Elderly residents, people of color, tribal communities and residents with underlying medical conditions are among the “critical populations” in Connecticut that could receive priority for a COVID-19 vaccine when the state gets its first shipments, health officials said Thursday.
Leaders of the state Department of Public Health presented a broad overview of their coronavirus vaccine distribution plan – due to the Centers for Disease Control and Prevention on Friday – to a new panel tasked with advising Gov. Ned Lamont on who should get the first batches of immunizations and how to conduct community outreach.
People in congregate settings, such as prisons, universities and nursing homes, were also included in the state’s list of “critical populations,” along with residents who are homeless or who live in multigenerational housing. Residents with limited access to vaccines, such as those in rural areas and people with disabilities, may receive priority, as well as the state’s “essential workers:” first responders, health care providers, utility employees, educators and bankers, among others.
The overview did not specify which groups would be considered highest priority. The vaccine advisory panel, which met on Thursday for the first time, will have input on that decision.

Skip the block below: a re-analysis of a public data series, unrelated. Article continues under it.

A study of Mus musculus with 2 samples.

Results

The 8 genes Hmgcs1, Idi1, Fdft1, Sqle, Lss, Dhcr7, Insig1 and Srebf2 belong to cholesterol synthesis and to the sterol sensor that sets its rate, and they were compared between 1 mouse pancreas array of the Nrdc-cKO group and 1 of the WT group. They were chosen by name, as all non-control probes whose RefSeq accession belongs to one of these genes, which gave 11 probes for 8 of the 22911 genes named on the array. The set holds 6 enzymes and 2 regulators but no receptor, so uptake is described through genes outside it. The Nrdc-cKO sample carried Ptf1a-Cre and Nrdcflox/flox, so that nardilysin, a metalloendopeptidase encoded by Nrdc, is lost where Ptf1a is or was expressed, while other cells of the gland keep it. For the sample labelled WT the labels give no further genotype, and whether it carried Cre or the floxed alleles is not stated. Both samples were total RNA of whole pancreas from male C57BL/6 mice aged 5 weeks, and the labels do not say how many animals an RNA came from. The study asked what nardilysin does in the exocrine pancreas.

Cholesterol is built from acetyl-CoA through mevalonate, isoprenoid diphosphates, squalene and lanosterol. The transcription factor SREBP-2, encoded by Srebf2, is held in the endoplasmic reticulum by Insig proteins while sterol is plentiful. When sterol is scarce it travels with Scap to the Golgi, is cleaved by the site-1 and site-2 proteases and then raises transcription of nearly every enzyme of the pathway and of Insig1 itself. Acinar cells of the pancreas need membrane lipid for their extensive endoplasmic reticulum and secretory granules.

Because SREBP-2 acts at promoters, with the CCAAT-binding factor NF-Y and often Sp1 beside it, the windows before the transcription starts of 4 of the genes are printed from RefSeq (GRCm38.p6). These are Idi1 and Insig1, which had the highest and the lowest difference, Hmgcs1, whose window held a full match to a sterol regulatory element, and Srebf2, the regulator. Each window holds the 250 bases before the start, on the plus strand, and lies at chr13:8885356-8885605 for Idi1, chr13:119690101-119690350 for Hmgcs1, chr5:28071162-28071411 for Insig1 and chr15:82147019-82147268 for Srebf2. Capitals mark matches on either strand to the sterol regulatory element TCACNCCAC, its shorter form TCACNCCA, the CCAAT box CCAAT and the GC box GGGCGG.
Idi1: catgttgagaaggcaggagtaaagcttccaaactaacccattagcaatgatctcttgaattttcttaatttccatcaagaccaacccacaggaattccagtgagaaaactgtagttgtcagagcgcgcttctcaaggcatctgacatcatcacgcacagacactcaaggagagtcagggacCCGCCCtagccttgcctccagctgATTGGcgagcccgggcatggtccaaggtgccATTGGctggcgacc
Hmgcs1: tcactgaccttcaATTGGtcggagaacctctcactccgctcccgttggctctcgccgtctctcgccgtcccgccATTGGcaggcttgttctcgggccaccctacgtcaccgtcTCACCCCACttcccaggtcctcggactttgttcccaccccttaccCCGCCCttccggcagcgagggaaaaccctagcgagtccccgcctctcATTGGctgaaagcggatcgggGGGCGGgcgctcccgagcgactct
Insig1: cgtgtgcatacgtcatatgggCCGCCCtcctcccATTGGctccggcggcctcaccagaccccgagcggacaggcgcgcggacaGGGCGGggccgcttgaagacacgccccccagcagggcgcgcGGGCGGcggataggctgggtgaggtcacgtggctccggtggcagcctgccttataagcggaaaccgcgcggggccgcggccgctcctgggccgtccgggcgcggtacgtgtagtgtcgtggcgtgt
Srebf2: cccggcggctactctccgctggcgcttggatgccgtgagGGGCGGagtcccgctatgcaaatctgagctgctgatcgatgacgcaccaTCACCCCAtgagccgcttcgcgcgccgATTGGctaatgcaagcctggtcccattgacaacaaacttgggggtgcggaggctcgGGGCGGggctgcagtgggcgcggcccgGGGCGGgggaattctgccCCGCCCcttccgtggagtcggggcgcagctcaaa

Health officials did not say when Connecticut would receive its first shipment of COVID-19 vaccines or which companies would be supplying them.
“Limited doses may be available by early November 2020, but supply will increase substantially in 2021,” they wrote in the presentation. “Two doses, separated by ≥21 or 28 days, will be needed for immunity for most vaccines.”
Vaccine distribution will require a phased approach, officials said, with limited doses available early on and larger shipments expected later.
To identify sites that will administer the vaccine, the state sent emails to licensed providers across Connecticut asking them to complete a survey designed to gauge interest and inquire about storage capacity. Site administrators were also required to disclose how many people they would be able to vaccinate daily.
The state also contacted hospitals to determine their capacity and ability to vaccinate their own staff.
“We are doing our best to till the soil and make sure that we have awareness among potential vaccine providers, and generally have laid the tracks for this mass vaccination program,” said Deidre Gifford, a co-chair of the vaccine panel and the state’s acting public health commissioner. “But we also appreciate and want to make sure the public knows that all of this is subject to the recommendations that come from this group, what we get from ACIP – which is the Advisory Committee on Immunization Practices at the CDC – and other federal bodies.”
In the coming months, the advisory group will help develop methods of community outreach, suggest locations for temporary clinics and identify resources that are needed, among other things. Locations where people may be able to get vaccinated include hospitals, physicians’ offices, pharmacies, mobile clinics and federally qualified health centers. Leaders of the public health department did not offer specific sites on Thursday.
State health officials will submit a preliminary draft plan to the CDC on Friday.